In fact, the African Ambassadors first met and decided that this man must run for another term and they were going to back him. That was how he got his second term without anybody attempting to challenge him because he did not need to go through anybody, his work said it all.
Mr Speaker, he was a soft-spoken man who would not shout at anyone but would make his point very clearly for one to understand where he was coming from and what he wanted to do.
The late Mr Kofi Annan has left a very big hole for us as a country, because he was our greatest advocate not just for Ghana but Africa and the world as a whole.
Mr Speaker, of course, there were challenges during his work just like any other person. Some have misunderstood him, others have accepted it as it is. One case that the Hon Majority Leader referred to is the issue of Rwanda.
He was the Under Secretary-General for Peacekeeping when the Rwandan genocide happened, so obviously, he was directly in-charge of it, but I can say that the late Mr Kofi Annan as a responsible individual, did the most responsible thing at the time.
He stood firm, went to the UN to argue that they should not abandon Rwanda and forcefully made his point. Of course, if the Security Council of the UN does not support you, there is virtually nothing you can do, and that is what happened at that time.
Mr Speaker, the Security Council decided that the UN would have to leave the place, especially when the 10 Belgium soldiers got killed, they left. As fate would have it, there was a Ghanaian contingent;
one of our generals, Major General Henry Kwame Anyidoho being the Deputy Force Commander insisted that the Ghanaian contingent should stay throughout the exercise.
If there is one legacy that the late Mr Kofi Annan and Ghanaian peacekeepers have left, it was the fact that when a fellow African country was in distress and everybody was running away abandoning them to their fate, they decided to stay.
They did not just stay in Kigali which was not the biggest problem at the time, but they stayed in a place where there was war raging. They had to go out there to help people, assist women and children, to ensure that the place was calm. That was one thing that the late Mr Kofi Annan left when he was there.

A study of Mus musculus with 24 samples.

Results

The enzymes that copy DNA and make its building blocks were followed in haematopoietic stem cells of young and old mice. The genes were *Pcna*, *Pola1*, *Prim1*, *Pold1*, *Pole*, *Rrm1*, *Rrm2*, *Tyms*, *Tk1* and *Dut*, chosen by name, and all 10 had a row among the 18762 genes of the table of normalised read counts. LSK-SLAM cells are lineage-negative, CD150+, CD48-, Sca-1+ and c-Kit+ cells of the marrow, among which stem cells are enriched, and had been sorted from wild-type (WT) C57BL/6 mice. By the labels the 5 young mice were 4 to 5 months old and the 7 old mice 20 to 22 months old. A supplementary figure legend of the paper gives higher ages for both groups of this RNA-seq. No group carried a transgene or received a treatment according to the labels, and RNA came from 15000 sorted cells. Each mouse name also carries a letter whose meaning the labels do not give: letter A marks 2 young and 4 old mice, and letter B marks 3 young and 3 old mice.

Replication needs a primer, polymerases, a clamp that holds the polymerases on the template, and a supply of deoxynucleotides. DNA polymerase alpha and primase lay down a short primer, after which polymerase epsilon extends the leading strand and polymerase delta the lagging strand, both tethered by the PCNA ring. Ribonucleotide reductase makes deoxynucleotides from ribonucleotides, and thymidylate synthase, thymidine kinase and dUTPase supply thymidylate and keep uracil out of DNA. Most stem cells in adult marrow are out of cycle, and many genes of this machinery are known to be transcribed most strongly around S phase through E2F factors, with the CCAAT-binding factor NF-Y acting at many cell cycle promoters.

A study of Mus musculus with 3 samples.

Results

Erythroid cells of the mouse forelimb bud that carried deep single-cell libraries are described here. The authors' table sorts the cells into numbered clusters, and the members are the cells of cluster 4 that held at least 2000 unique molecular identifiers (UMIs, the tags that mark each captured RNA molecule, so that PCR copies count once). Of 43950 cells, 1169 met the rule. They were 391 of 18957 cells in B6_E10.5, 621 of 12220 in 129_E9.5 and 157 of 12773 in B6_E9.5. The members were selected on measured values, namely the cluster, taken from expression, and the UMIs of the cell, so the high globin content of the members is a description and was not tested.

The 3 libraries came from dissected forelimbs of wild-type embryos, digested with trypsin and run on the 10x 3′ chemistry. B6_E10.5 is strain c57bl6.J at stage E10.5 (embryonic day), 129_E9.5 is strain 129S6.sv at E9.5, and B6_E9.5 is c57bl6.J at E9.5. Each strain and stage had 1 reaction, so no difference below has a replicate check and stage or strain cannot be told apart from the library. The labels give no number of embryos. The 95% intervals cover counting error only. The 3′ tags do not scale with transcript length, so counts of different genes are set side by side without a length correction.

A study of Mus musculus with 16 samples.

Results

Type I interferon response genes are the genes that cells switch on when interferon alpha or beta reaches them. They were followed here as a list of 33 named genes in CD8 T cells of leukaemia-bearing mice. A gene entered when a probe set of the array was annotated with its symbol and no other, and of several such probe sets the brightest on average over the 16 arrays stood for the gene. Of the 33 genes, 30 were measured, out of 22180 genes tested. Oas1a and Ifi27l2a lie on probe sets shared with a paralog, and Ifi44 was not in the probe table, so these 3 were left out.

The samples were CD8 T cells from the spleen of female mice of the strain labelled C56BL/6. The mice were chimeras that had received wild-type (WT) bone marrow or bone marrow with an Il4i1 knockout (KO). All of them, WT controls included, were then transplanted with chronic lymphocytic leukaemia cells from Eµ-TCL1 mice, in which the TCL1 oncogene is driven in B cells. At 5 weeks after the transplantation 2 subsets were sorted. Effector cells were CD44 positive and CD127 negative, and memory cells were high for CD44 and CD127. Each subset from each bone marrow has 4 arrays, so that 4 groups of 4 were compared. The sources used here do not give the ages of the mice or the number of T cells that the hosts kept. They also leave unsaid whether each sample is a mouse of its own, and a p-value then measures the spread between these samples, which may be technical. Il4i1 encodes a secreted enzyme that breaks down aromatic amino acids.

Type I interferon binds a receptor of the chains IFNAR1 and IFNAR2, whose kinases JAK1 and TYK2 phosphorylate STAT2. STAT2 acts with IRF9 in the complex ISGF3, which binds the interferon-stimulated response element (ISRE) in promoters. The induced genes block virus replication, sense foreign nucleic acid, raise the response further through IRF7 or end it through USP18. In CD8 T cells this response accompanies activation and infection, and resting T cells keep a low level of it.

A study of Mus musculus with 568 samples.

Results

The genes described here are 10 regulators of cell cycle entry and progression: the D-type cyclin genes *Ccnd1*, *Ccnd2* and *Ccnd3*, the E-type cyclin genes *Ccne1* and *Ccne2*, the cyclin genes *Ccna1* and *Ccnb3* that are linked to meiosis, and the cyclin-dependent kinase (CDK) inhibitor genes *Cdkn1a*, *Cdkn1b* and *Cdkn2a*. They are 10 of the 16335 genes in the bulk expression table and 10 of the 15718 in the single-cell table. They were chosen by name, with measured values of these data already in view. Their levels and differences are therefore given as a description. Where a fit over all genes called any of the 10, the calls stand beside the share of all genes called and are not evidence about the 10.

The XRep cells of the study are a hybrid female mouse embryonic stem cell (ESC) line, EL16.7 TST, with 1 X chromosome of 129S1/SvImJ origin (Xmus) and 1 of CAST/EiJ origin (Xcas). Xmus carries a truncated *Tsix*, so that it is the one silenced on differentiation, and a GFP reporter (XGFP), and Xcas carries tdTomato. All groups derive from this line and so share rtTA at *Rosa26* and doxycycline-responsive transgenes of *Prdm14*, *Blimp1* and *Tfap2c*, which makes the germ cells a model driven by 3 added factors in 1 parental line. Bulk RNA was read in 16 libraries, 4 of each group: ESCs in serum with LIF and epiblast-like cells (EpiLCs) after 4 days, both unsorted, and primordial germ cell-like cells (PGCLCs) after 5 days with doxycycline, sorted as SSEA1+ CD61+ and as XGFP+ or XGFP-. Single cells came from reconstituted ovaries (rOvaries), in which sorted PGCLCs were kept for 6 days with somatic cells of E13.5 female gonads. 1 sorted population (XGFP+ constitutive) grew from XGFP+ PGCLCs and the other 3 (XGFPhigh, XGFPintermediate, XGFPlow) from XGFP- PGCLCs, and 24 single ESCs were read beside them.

He told the peacekeepers that everybody was leaving, but you can help me stay and work, save lives, live an image and a legacy. That was exactly what the Ghanaian peacekeeping contingent did at that time at the peril of their lives. They could have all been killed but they decided to stay.
Mr Speaker, their brother was in- charge, they stayed with him and he visited them regularly even when the killings were going on. When the rest of the world decided to abandon the place, he would visit there regularly, visit Kigali, visit the Ghanaian troop and encouraged them.
In my view, the late Mr Kofi Annan was born to lead the UN at the time. Look at the conflicts in Africa during the time he was there and if he was not there, what would have happened? Liberia, the Democratic Republic of Congo, Angola, Sierra Leone, La Cote d'Ivoire, Burundi
and almost the entire African continent; many countries had serious problems but with Mr Kofi Annan there, he helped to turn the tides.
Mr Speaker, today, 1 would not say that Africa is free, but we could say that Africa has come very far.
Today in West Africa, I do not think that there is a single country that does not have a President who is democratically elected. Almost every President in West Africa today was elected through the ballot box, so people have changed and continue to change and these are legacies that we should celebrate.
Mr Speaker, I am sure and I know that the government is thinking about doing something huge in memory of him as a statesman and as someone who left a huge legacy, especially in the area of peacekeeping. I am sure that very soon the President would announce a package for the people of Ghana to see what Mr Kofi Annan did for peacekeeping.
Mr Speaker, I would still thank the Hon Member who made the Statement because it is a Statement that we should keep, we should eulogise him, look at his works and let people know that if Mr Kofi Annan could do this then we should challenge the young ones that they could also do same.
They could look at him that if he could do this from the 1930s and 1940s when a lot of people had not even gone to school, but if with no opportunity he could rise up to this stage, then with all the opportunities that we have today as young people, we could also do same.
Mr Speaker, for me he is an inspiration to all of us and as I said, he is soft spoken,
a gentleman and someone who cuts across the entire Africa and everybody talks about him.
Mr Speaker, look at the speeches made by President Ramaphosa, President Akuffo-Addo as well as the United Nations Secretary-General. Mr Speaker, in eulogising him, almost everybody mentioned something that we could use to remember him.
Mr Speaker, 1 thank you for the opportunity.